Friday, June 12, 2015

Supernatural Friday: Truth on the Living Dead


I want to set some records straight, as I noticed more and more people consider zombies to be flesh eaters, thanks to "Night of the Living Dead," and zombie horror flicks after that. In reality all undead is living dead. 

This goes back to Gilgamesh and maybe even back to caveman times. Vampires in Eastern Europe did not begin just drinking blood, but flesh too. They were also mindless like zombies, coming from their graves to attack their relatives, not everybody. Later this changed to any person could be a victim of the vampire.  Watching an episode of  "Game of Thrones," they had white walkers, but they di not bit or eat the living to change them. Those people died. It took the head walker with a crown on its head and do something--obviously magic--for the new dead to arise. So not all dead eat flesh, but all dead that rise from death are the living dead, or undead.
Zombie was a term a reporter called the ghouls of Night of the Living Dead. Romero thought of them as ghouls, not zombies. A zombie is supposed to be the living dead: people who die and are resurrected, but without their souls. According to legend, a zombi is someone who has annoyed his or her family and community to the degree that they can no longer stand to live with this person. They respond by hiring a Bokor who turns that person into a zombie. They can take orders, and they're supposed to never be tired, and to do what the master says.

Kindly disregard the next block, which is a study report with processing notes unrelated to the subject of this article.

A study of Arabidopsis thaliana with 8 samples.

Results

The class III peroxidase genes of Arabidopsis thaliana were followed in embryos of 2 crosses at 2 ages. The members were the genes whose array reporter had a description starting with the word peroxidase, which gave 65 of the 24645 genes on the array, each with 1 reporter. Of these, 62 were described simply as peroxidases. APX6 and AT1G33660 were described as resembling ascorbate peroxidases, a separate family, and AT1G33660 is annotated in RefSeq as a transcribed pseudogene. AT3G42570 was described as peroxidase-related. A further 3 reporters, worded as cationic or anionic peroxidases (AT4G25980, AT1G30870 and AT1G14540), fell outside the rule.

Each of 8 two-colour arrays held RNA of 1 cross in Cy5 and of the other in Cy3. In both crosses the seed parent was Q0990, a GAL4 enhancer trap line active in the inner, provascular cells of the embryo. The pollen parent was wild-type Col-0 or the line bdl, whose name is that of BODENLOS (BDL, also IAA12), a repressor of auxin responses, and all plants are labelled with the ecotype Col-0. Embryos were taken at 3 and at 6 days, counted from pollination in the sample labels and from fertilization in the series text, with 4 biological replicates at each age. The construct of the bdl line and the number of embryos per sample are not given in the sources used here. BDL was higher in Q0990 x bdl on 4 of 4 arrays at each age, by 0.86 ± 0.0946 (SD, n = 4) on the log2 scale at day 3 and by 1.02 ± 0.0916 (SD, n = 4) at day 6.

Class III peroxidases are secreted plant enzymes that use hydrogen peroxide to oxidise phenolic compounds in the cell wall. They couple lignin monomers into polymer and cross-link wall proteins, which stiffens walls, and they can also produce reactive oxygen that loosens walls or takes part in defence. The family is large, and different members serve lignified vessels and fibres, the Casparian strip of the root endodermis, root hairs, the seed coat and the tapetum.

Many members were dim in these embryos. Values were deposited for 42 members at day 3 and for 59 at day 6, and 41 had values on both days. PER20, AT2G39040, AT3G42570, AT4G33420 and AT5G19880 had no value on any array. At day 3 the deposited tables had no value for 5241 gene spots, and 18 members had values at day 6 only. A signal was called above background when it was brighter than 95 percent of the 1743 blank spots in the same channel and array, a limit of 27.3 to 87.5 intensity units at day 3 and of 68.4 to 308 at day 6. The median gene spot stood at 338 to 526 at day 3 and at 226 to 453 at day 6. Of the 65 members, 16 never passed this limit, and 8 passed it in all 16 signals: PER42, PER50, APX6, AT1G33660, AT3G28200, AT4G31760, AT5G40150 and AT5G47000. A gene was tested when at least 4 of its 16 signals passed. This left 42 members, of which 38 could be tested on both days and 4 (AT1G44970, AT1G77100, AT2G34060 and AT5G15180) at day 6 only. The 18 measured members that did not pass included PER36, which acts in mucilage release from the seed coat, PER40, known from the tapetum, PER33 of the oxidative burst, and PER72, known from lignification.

Zombies are the product of spells by a voodoo sorcerer called a bokor. The word is believed to be of West African origin and was brought to Haiti by slaves from that region. Slavery was hard and cruel and it coud even be thought that maybe zombies was developed to keep a slave from killing themselves to escape slavery.  To become a zombie was the slave's worst nightmare: to be dead and still a slave, an eternal field hand. There are several ways to destroy zombies in fiction or movies and TV shows (decapitations or gunshots to the head are popular), though according to Haitian folklore the goal is to release the person from his or her zombie state, not to outright kill the person. There are several ways to free a zombie; feed the zombie salt; others say that if a zombie sees the ocean its mind will return and it will become self-aware and angry, trying to return to its grave.
The word "zombi" —spelled for years without the "e"— first appeared in print in an American newspaper in a reprinted short story called "The Unknown Painter" in 1838.  Then William Seabrook wrote about seeing "voodoo" cults in Haiti and the concept of the zombi to many readers. Several film scholars believe the book was the basis of the classic 1932 horror film White Zombie. The most famous studies of Haitian zombies was ethnobotanist Wade Davis' 1985 book The Serpent and the Rainbow: A Harvard Scientist's Astonishing Journey into the Secret Societies of Haitian Voodoo, Zombies, and Magic. Wade studied the case of Clairvius Narcisse, a man believed to have been turned into an actual zombie through a combination of drugs (including puffer fish venom and toad venom) in order to mimic death. Then they gave him the hallucinogenic drug tetrodotoxin to keep him in a zombie-like state.

So zombie does not mean the undead person is a flesh eater. Let's call the undead what it is-undead, living dead, walking dead. Because that is what they all are.